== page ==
The United Nations aid chief said Wednesday he had urged the Taliban authorities to offer more clarity on humanitarian sectors that could be reopened for Afghan women workers, warning that a “famine was looming” as the country faces a harsh winter.
Afghanistan confronts one of the world’s worst humanitarian crises, aid agencies say, with more than half of its 38 million population facing hunger and nearly four million children suffering from malnutrition.
The crisis was compounded when Taliban leadership banned Afghan women from working with NGOs, forcing several aid agencies to suspend their vital work.
In recent weeks, the authorities have allowed women to work in the health sector only.
UN Under-Secretary General for Humanitarian Affairs and Emergency Relief, Martin Griffiths, said he hoped that more humanitarian sectors would be reopened for women workers.
“I have been told by a number of Taliban leaders that the Taliban, as an administration, is working on guidelines which will provide more clarity about the role and possibility and hopefully the freedom of women to work in humanitarian work,” Griffiths told AFP in an interview at a UN office in Kabul.
“I think it’s really important that we keep the light shining on the process to lead to those guidelines,” he said, wrapping up a visit to Afghanistan.
Griffiths led a delegation of senior NGO officials that met several Taliban officials this week in a bid to push them to further relax the ban on women aid workers.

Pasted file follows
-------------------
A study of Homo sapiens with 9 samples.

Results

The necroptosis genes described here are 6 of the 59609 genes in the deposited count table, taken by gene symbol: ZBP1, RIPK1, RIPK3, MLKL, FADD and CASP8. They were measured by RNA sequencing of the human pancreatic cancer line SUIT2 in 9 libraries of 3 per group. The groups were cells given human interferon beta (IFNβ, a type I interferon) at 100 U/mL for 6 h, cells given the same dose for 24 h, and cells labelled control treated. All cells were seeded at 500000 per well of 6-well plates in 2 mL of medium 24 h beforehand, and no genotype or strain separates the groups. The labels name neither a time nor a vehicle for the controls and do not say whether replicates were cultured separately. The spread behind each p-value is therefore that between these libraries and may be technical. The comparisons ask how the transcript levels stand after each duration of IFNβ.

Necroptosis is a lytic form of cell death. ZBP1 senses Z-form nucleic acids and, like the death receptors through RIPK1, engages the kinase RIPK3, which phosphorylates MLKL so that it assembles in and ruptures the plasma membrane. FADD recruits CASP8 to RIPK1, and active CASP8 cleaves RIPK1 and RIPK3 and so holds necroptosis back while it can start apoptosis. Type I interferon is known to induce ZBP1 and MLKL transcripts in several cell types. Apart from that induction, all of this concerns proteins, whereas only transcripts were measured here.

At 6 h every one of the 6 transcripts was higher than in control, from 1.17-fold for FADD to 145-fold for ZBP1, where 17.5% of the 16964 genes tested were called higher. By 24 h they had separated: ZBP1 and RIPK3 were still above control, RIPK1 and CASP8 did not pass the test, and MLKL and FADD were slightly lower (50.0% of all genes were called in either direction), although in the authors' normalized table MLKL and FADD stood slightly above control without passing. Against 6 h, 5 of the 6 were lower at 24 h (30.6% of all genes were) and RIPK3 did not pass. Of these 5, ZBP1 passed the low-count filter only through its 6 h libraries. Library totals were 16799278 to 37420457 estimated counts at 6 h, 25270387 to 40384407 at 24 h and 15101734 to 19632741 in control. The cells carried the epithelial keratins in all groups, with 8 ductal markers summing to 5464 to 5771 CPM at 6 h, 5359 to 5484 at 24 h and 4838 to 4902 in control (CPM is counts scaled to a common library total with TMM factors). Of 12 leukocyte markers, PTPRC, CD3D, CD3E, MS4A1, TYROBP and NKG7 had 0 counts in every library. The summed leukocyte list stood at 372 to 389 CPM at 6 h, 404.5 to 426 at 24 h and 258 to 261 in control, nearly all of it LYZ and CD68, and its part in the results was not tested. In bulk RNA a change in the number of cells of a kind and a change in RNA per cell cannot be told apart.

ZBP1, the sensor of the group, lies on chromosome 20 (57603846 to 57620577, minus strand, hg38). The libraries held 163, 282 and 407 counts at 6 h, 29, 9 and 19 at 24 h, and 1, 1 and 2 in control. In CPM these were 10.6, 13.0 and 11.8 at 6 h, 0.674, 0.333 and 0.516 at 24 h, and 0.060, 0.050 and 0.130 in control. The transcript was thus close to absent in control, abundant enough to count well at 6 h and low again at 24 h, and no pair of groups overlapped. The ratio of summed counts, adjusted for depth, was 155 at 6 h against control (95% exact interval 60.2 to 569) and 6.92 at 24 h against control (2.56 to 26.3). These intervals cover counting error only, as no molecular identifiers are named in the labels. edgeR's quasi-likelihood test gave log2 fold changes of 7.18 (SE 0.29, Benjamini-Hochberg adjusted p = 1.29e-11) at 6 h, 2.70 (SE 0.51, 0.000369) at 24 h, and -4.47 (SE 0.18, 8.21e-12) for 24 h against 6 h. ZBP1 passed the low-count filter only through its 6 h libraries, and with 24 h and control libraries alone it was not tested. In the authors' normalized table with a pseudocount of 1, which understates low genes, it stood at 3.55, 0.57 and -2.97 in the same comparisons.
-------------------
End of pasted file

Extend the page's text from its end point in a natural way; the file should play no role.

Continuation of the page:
It was the second UN-led delegation that came to Afghanistan this month to urge the Taliban government to reverse two recent decrees that have severely restricted women’s rights.
Apart from banning women from working in NGOs, the Taliban authorities have also barred them from university education.
Government officials claim the two bans were imposed because women were not observing rules on wearing the hijab, an allegation denied by aid workers and university students.
Since returning to power in August 2021, the Taliban government has rapidly squeezed women out of public life, banning them also from secondary education, public sector work, as well as parks and baths.
Griffiths vowed that when it comes to delivering aid in the poverty-stricken country, the global humanitarian community will insist on deploying women workers.
“Wherever there are chances for us to deliver humanitarian assistance and protection in a principled way, which means with women, we will do so,” he said.
But getting more exemptions for women to work across all humanitarian sectors was an important task at this stage.
“We don’t have time. The winter is with us, people are dying, famine is looming,” he said.
“We need decisions now, which is why I think these practical exceptions that we have been talking about are so important.”